Be prepared and understand the risks.
Whitewater rafting is an adventure sports that involve risks on the part of the participant. Although Defiance Rafting takes precautions to ensure an enjoyable experience, we cannot be responsible for personal injury and/or lost/damaged articles. We require that you acknowledge these risks by listening to a safety briefing prior to your raft trip, as well as reading and signing a liability release prior to departure. You can review the liability release below. Defiance Rafting provides many experiences to choose from, offering varying degrees of difficulty. Please, make sure you choose a trip within your group’s personal limits, and keep all participants in mind.
High water season in Colorado is typically early to mid-June, peaking around the summer solstice (mid-June). This can differ depending on weather and snowpack percentages. Water levels and weather can affect difficulty levels. For information about current water levels and weather conditions you can contact us at 970-404-3022.
Minimum ages are also available to assist in finding your comfort level. Our minimum ages are not mandatory; they are a guide for you to use when making a decision about the experience you are choosing. Factors going into minimum ages include, but are not limited to, a person’s height, weight, physical ability, mental capability, and maturity levels. These factors, along with our years of experience serving hundreds of thousands of guests, have gone into setting minimum ages. These ages are a guide; it is up to the participants, and their guardians, to choose an adventure within their limits. Minimum ages can change due to weather conditions and/or water levels.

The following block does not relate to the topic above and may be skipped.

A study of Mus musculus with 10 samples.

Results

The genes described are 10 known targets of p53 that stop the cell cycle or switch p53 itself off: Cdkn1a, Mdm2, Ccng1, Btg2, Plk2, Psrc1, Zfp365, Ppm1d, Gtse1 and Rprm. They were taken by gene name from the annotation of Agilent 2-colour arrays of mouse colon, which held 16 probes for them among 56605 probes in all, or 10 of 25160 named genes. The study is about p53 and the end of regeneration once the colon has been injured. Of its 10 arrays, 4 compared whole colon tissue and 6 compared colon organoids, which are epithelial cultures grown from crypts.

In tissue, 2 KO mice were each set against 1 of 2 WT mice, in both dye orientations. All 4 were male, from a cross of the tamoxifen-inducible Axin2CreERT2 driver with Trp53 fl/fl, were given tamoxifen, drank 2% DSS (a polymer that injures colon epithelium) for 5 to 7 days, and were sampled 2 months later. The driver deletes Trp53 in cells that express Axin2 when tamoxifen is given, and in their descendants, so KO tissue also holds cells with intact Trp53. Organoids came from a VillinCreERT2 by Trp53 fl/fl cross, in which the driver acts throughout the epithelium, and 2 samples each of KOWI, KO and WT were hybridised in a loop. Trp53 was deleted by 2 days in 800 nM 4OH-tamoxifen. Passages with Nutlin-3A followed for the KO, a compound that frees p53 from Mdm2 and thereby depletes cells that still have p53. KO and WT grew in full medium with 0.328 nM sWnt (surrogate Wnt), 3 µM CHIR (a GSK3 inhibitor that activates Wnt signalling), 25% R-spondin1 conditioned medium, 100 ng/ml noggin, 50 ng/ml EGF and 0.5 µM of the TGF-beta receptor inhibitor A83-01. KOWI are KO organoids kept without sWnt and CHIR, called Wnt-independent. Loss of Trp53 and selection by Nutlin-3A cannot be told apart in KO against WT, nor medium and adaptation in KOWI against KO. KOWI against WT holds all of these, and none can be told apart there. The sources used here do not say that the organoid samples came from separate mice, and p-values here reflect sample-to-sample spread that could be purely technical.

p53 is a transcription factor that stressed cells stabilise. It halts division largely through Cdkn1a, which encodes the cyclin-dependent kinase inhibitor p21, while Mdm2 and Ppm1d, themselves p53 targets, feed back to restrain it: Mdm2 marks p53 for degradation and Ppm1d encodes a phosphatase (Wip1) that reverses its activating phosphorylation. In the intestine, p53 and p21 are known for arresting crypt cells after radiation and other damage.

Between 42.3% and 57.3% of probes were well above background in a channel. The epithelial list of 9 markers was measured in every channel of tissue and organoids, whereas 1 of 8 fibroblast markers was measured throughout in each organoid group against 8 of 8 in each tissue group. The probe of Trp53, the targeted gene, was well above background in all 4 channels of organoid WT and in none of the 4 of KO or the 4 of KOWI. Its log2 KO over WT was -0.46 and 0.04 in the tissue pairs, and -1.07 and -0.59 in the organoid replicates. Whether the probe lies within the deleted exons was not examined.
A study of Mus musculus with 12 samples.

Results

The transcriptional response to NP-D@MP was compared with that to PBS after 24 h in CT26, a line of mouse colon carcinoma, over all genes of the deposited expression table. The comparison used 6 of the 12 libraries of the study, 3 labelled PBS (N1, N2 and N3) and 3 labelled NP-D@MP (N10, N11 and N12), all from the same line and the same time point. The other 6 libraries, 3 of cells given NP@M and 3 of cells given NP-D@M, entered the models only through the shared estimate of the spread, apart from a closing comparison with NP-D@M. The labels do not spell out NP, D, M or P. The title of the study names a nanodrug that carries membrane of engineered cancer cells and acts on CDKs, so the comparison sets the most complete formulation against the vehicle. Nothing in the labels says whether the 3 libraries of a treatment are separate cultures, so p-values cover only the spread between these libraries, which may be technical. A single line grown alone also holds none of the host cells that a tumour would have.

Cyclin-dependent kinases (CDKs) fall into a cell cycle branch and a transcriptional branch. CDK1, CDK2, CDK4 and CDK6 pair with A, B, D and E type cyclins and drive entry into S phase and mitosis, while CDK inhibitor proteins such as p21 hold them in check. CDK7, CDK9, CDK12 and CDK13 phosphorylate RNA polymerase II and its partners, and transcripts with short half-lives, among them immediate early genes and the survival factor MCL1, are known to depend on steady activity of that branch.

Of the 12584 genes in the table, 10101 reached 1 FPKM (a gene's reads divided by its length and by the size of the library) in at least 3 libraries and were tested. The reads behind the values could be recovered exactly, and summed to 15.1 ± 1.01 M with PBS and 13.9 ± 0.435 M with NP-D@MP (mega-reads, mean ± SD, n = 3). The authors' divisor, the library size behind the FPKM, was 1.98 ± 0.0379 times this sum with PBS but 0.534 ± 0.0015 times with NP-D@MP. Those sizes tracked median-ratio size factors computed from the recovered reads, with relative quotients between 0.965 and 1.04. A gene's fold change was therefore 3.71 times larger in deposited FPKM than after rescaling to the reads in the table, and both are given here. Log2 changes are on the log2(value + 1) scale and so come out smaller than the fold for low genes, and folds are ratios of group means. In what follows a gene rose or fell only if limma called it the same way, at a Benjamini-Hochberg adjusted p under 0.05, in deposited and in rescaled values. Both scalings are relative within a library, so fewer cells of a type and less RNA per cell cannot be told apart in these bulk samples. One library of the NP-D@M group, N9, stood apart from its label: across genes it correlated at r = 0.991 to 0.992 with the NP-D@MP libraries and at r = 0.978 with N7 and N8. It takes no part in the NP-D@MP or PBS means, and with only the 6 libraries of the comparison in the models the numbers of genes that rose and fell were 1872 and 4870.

River and rapid classifications is another great way to determine a suitable river trip for your group. Remember that classification can change with weather and water conditions.
Beginner = first timers, young children, family-oriented
Intermediate = aggressive first timers, teens
Advanced = experienced paddlers looking for an adventure
Expert = very experienced paddlers only
River Rapids Class Rating System
This is strictly a subjective scale. You can characterize a rapid by class or give a general class to a whole river even though it has several different classes of rapids within it. The class of a rapid or river can change at different water levels. The temperature of the water, the air temperature, the remoteness of the river, and the difficulty of a rescue can all influence the rapids’ class.
Class I – Easy. Small riffles. No significant waves or obstacles.
Class II – Novice. Moderate rapids with regular waves, small drops, clear passages and wide channels. Occasional maneuvering may be required.
Class III – Intermediate. Moderately difficult rapids with larger irregular waves, often narrow channels. Complex maneuvering to avoid obstacles required.
Class IV – Advanced. Intense, powerful rapids requiring precise maneuvering in fast, turbulent water. Complex channels with many significant obstacles to be avoided.
Class V – Expert. Extremely long violent or obstructed rapids, often following each other almost without interruption. Drops may have large, unavoidable waves and holes, or steep, congested chutes with difficult routes. Steep gradient.
Class VI – Unrunnable.
Classifications of river sections may change due to water levels.
For information to help you choose a trip, or for any questions you might have, please, e-mail us, or call 970-404-3022 and our office personnel will be happy to assist you in putting together a river experience perfect for your group.
Cold weather gear is recommended and may be mandatory for some river adventures. Cold weather gear is not only for your comfort, but also for your safety. Because of cold water and rocky river bottoms, wetsuits, footwear and splash tops make all the difference. If you don’t have your own equipment, don’t worry; cold weather gear is available at basecamp at no charge.